Sia’s movie ‘Music’ faces backlash over ableism, autism depiction


Photo courtesy of IMDb

By Catherine Khitiri, Lead Arts and Cultures Editor

Pop singer Sia released her debut film “Music” starring Maddie Ziegler on Feb. 10. The film follows Zu, newly sober who must take care of her autistic half-sister Music after receiving news that she is now the sole guardian. What was meant to be a feel-good movie dealing with themes such as “finding your voice and creating family” was misguided into an “unsettling” film utilizing abilistic caricatures to represent autism.  

Critics have been calling Sia’s movie a “sentimental atrocity” with “so, so many bad decisions.” Besides just angering critics, it has outraged the autism community for both the casting of a neurotypical actress in the role of an autistic character and showing scenes where the character is being restrained.

The autistic community has been fighting for decades to end the use of restraints which can traumatize and even kill.

Had the filmmakers chosen to meaningfully involve autistic people from the beginning, we could have told them how catastrophically irresponsible it is to encourage viewers to use that kind of deadly restraints,” Zoe Gross, director of advocacy at the Autistic Self Advocacy Network said in a statement.

The film, which received two Golden Globe nominations earlier this month for best motion picture, musical or comedy and best actress in a musical or comedy (Kate Hudson, who plays Zu), will now include a disclaimer about the restraint in the beginning of the film. 

“MUSIC in no way condones or recommends the use of restraint on autistic people,” the disclaimer reads. “There are autistic occupational therapists that specialize in sensory processing who can be consulted to explain safe ways to provide proprioceptive, deep-pressure feedback to help (with) meltdown safety.”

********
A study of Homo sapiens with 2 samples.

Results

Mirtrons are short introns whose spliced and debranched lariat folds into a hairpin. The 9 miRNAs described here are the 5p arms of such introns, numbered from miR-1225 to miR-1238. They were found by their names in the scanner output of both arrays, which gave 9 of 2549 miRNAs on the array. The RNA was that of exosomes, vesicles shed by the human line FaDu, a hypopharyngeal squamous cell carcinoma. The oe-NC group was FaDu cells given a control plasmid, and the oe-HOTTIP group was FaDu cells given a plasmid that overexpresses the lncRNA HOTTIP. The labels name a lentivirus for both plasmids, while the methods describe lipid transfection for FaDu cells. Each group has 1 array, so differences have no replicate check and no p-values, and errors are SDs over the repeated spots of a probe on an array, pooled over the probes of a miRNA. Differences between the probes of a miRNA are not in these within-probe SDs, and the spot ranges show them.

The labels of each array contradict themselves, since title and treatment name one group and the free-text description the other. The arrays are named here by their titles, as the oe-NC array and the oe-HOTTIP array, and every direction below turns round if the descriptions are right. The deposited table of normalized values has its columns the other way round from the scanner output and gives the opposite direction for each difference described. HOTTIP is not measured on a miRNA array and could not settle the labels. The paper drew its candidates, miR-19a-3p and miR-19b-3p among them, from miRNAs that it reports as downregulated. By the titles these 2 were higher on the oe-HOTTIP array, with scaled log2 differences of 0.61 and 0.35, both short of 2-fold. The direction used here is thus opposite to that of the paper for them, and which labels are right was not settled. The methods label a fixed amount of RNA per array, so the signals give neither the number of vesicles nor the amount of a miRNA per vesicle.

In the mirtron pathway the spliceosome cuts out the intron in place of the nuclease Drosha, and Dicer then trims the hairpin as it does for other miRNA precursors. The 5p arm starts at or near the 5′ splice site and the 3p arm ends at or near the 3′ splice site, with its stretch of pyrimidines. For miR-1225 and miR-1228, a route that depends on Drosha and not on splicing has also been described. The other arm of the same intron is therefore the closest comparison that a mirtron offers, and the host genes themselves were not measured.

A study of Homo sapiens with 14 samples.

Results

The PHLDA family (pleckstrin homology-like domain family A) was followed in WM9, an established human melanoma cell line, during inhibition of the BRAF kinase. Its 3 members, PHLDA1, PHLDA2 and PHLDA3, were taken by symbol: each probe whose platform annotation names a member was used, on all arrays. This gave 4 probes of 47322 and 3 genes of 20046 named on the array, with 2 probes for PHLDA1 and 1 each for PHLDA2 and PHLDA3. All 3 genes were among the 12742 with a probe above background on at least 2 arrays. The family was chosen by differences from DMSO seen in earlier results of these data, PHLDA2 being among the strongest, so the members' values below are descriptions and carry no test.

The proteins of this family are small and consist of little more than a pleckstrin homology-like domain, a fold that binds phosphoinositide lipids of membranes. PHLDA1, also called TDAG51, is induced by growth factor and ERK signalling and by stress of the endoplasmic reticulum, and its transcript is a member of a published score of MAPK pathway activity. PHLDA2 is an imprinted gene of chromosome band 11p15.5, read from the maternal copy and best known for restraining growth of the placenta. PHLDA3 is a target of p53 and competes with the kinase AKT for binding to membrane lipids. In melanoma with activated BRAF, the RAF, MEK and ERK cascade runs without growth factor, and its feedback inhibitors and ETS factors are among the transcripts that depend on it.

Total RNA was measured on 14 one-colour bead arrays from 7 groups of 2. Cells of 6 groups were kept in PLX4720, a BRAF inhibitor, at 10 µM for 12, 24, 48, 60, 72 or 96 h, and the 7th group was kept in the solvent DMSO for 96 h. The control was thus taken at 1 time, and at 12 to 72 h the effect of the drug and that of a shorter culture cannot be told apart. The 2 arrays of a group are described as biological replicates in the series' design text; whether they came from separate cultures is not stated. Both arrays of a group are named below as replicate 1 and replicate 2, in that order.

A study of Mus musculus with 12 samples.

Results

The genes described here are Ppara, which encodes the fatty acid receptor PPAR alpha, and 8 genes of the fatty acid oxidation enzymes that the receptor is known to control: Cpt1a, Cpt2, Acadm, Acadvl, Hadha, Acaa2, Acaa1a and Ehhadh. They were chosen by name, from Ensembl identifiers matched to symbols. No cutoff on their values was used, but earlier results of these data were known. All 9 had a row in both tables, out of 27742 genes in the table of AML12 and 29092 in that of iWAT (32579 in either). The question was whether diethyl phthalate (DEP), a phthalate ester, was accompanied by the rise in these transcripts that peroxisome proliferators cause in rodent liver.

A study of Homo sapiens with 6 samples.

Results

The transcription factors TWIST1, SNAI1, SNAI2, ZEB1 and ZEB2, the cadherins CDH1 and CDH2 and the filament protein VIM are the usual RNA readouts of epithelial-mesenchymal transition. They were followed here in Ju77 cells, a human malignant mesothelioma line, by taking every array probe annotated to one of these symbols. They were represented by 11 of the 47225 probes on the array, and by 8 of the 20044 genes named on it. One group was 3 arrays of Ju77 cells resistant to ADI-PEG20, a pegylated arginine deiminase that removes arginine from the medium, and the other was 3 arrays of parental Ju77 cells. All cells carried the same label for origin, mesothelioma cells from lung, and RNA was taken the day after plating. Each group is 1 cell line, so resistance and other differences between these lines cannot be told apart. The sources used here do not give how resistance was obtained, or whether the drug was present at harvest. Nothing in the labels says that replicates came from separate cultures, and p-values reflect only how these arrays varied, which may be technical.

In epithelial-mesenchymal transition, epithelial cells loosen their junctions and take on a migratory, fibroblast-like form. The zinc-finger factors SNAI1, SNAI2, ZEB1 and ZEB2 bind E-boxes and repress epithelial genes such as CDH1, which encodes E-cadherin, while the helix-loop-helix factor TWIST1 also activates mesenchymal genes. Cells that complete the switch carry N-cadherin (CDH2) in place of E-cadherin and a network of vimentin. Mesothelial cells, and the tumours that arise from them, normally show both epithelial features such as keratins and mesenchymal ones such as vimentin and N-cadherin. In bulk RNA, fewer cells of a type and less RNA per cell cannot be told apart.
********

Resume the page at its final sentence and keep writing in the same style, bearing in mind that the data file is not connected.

Sia has since deleted her Twitter account and apologized, claiming that she “listened to the wrong people and that is my responsibility, my research was clearly not thorough enough, not wide enough.”

Ziegler’s performance of depicting an autistic character has also been under fire as well. Many critics believed that she looked and acted ridiculous and made a mockery of real autistic people. 

“I don’t like the portrayal of the young autistic woman. I feel like (Zielger) was doing parody,” Camille Proctor, executive director and founder of The Color of Autism Foundation said in an interview with USA Today. 

Many pointed out that the movie was really about Hudson’s character rather than Music. It seemed to focus on the struggles and the responsibilities that Zu had to take on to care to Music. Music had no other personality besides being autistic. The only glimpse of her character was in the form of interpretive song-and-dance numbers that were meant to put viewers in her mind, but in reality they seemed like cheap advertisements for Sia’s songs. The viewers never get a sense of Music’s personality or perspective. 

Cal Montgomery from disability-led nonprofit organization, Communication First advised Sia about the film, but his suggestions were “ignored.” Montgomery especially took issue with Music’s lack of grief when her grandmother died. “Her grief wouldn’t look the same as neurotypical grief, and she obviously wouldn’t be expressing in words. But you would expect a great deal of distress, not just when the routines are broken, but just at the fact that somebody really important to her has vanished and yet she’s portrayed as basically unconnected to people,” Montgomery said in a statement. Music’s non-human portrayal has been heavily criticized. Not all autistic people are the same and they have emotions just like neurotypical people.

The bright and colorful song-and-dance scenes really clash with the heart of the film, which follows a struggling woman who just got sober and an autistic teenager who just lost their grandmother. Those scenes seem cartoony, which is another example of Sia’s poor interpretation. 

“I’m sorry,” Sia simply said in a tweet.